Wednesday is “Chick-fil-A Appreciation Day,” a promotion not sponsored by the Atlanta-based fast food chain itself but rather by a coalition of unexpected allies determined to rebuke city mayors who lashed out at Chick-fil-A because the company president publicly opposes gay marriage.
The saga began in mid-July, when Dan Cathy, Chick-fil-A president and chief operating officer, told a Baptist media outlet, and later a syndicated weekly radio show, he is “guilty as charged” for supporting “the biblical definition of the family unit.” Many took that to mean he is personally opposed to same-sex marriage.
“We know that it might not be popular with everyone, but thank the Lord we live in a country where we can share our values and operate on biblical principles,” he said.
After the report went viral online, several city mayors said they oppose, and in some cases will block, any Chick-fil-A efforts to open or expand franchises in their cities because of Mr. Cathy’s comments.
In Washington, D.C., Mayor Vincent Gray last week tweeted about “hate chicken,” and San Francisco Mayor Ed Lee tweeted that he will “strongly recommend” that the chain stay out of his city. In Boston, Mayor Thomas Menino wrote Cathy a letter to say “there’s no place for discrimination on Boston’s Freedom Trail and no place for your company alongside it.”
Since then, a backlash has been brewing – from both ends of the political spectrum. The American Civil Liberties Union has denounced the mayors as free-speech violators, as has Republican Party star Sarah Palin. Religious leaders and organizations, on the national and local levels, also criticized the mayors' remarks as discriminatory and as a threat to religious freedom.
“If Chick-fil-A is not welcome for embracing traditional marriage, then are Chicago Mayor Emanuel and others saying that Evangelicals, Catholics, and Mormons aren't welcome either?” asked Leith Anderson, president of The National Association of Evangelicals, in a statement.
Now, former Republican presidential candidate Mike Huckabee is using Facebook to organize “Chick-fil-A Appreciation Day,” encouraging his more than 600,000 "friends" to support the chain. On Friday, New York City Mayor Michael Bloomberg, an independent, said it's “inappropriate for a city government or a state government or the federal government to look at somebody’s political views and decide whether or not they can live in the city or operate a business in the city or work for somebody in the city.”
Chick-fil-A responded to the mayors Tuesday, saying in a statement that its policy “is to treat every person with honor, dignity and respect, regardless of their belief, race, creed, sexual orientation or gender … [and] our intent is to leave the policy debate over same-sex marriage to the government and political arena.” The company, which has more than 1,600 franchises in 39 states, says its Christian values are reflected in its policies to be closed on Sundays, to operate debt-free, and to donate to local charities in the communities where restaurants are located.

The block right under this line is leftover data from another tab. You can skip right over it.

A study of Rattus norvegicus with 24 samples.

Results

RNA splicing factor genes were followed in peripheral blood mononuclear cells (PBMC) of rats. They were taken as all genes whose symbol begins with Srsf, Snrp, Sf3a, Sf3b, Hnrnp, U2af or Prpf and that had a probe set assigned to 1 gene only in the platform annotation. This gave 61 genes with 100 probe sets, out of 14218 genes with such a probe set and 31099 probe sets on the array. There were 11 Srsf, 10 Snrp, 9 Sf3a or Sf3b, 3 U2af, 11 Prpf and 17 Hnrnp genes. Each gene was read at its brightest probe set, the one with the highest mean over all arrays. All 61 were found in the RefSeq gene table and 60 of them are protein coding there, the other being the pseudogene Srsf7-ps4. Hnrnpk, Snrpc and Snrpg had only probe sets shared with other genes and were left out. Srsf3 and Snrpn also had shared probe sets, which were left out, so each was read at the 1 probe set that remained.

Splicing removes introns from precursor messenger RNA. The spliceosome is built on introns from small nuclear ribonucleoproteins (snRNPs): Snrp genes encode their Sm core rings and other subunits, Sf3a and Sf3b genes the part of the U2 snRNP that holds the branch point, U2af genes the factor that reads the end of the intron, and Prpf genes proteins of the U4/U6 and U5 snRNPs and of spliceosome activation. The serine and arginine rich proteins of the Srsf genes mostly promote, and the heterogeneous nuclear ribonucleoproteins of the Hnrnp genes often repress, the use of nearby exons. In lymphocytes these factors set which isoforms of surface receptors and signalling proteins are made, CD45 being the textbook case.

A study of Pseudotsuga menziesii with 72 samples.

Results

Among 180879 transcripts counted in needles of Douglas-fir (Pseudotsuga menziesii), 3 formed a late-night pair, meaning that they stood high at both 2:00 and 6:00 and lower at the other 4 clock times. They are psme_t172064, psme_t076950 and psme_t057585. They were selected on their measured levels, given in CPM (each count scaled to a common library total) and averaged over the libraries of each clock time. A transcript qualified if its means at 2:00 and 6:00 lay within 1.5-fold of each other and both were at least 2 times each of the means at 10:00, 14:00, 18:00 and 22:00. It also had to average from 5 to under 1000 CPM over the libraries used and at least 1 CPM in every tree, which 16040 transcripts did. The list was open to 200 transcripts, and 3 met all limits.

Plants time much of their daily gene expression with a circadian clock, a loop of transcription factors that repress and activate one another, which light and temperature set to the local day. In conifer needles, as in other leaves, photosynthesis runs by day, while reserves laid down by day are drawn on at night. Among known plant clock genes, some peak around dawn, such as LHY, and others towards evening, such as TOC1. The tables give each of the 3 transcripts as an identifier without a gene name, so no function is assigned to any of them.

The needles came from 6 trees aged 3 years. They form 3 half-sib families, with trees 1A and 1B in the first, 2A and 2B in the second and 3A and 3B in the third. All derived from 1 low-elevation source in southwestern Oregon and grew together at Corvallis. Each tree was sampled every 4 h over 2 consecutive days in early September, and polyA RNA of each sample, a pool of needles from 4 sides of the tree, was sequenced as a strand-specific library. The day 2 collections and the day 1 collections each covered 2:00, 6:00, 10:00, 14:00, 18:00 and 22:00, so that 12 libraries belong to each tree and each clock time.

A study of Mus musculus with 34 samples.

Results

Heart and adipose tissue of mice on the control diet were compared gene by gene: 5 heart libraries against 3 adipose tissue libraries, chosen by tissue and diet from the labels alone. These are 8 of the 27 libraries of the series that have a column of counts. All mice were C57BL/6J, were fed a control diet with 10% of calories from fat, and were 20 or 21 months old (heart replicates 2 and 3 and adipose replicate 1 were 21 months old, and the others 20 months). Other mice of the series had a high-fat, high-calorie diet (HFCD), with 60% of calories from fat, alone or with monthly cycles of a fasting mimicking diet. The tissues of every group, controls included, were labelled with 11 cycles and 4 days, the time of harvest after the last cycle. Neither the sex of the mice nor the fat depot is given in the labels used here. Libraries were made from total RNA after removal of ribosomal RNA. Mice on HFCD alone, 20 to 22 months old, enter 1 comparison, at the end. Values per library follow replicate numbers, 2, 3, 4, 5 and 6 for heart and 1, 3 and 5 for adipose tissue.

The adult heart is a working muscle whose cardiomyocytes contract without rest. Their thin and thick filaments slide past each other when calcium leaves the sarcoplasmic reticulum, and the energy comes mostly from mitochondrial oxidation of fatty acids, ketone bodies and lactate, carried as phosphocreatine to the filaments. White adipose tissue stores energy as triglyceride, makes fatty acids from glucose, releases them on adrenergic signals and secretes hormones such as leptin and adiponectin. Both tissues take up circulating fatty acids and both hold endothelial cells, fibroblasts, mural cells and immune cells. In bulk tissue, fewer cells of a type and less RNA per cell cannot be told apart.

The most defiant attempt to block the chain from opening an outlet is in Chicago, where Proco “Joe” Moreno, a city alderman, vowed to use his aldermanic prerogative to stop Chick-fil-A from obtaining a zoning permit it needs to open a store in his ward.
“It’s irresponsible to have discriminatory policies from the top down. They’re not coming in,” he told the local NBC affiliate last week.
Mayor Emanuel initially appeared to support Mr. Moreno’s comments, saying Chick-fil-A is “not respectful of our residents, our neighbors, and our family members; and if you’re going to be part of the Chicago community, you should reflect the Chicago values.”
Days later, press secretary Tarrah Cooper sought to clarify the mayor’s comments, saying Emmanuel “never said he’d block the restaurant from coming.”
Chick-fil-A currently has a single store in downtown Chicago.
Emmanuel’s comments raised the ire of Francis George, cardinal of the Roman Catholic Church's Chicago Archdiocese, who criticized the mayor Sunday in a blog. “Must those whose personal values do not conform to those of the government of the day move from the city? Is the City Council going to set up a 'Council Committee on Un-Chicagoan Activities' and call those of us who are suspect to appear before it? I would have argued a few days ago that I believe such a move is, if I can borrow a phrase, 'un-Chicagoan,' " he wrote.
However, it is not uncommon for municipalities to use zoning or other technicalities to prevent political, medical, or religious organizations they oppose, such as abortion clinics or mosques, to open in their communities, despite threats to first amendment protections, says Alan Brownstein, a constitutional law expert at the University of California School of Law in Davis.
“The political leaders obviously see the political benefit of taking a stand [as] more valuable than exposing the city to liability,” Mr. Brownstein says.
Still, the flare-up in Chicago is likely “more rhetoric” than reality, he says.
“You would think that if the city was serious, then they wouldn’t say anything and would then try to identify some neutral ground to make it difficult to get zoning,” Brownstein says. “You can’t punish or penalize individuals or businesses [because] you disapprove [of] their religious beliefs or public expression on issues of the day. It’s pretty straightforward, legally.”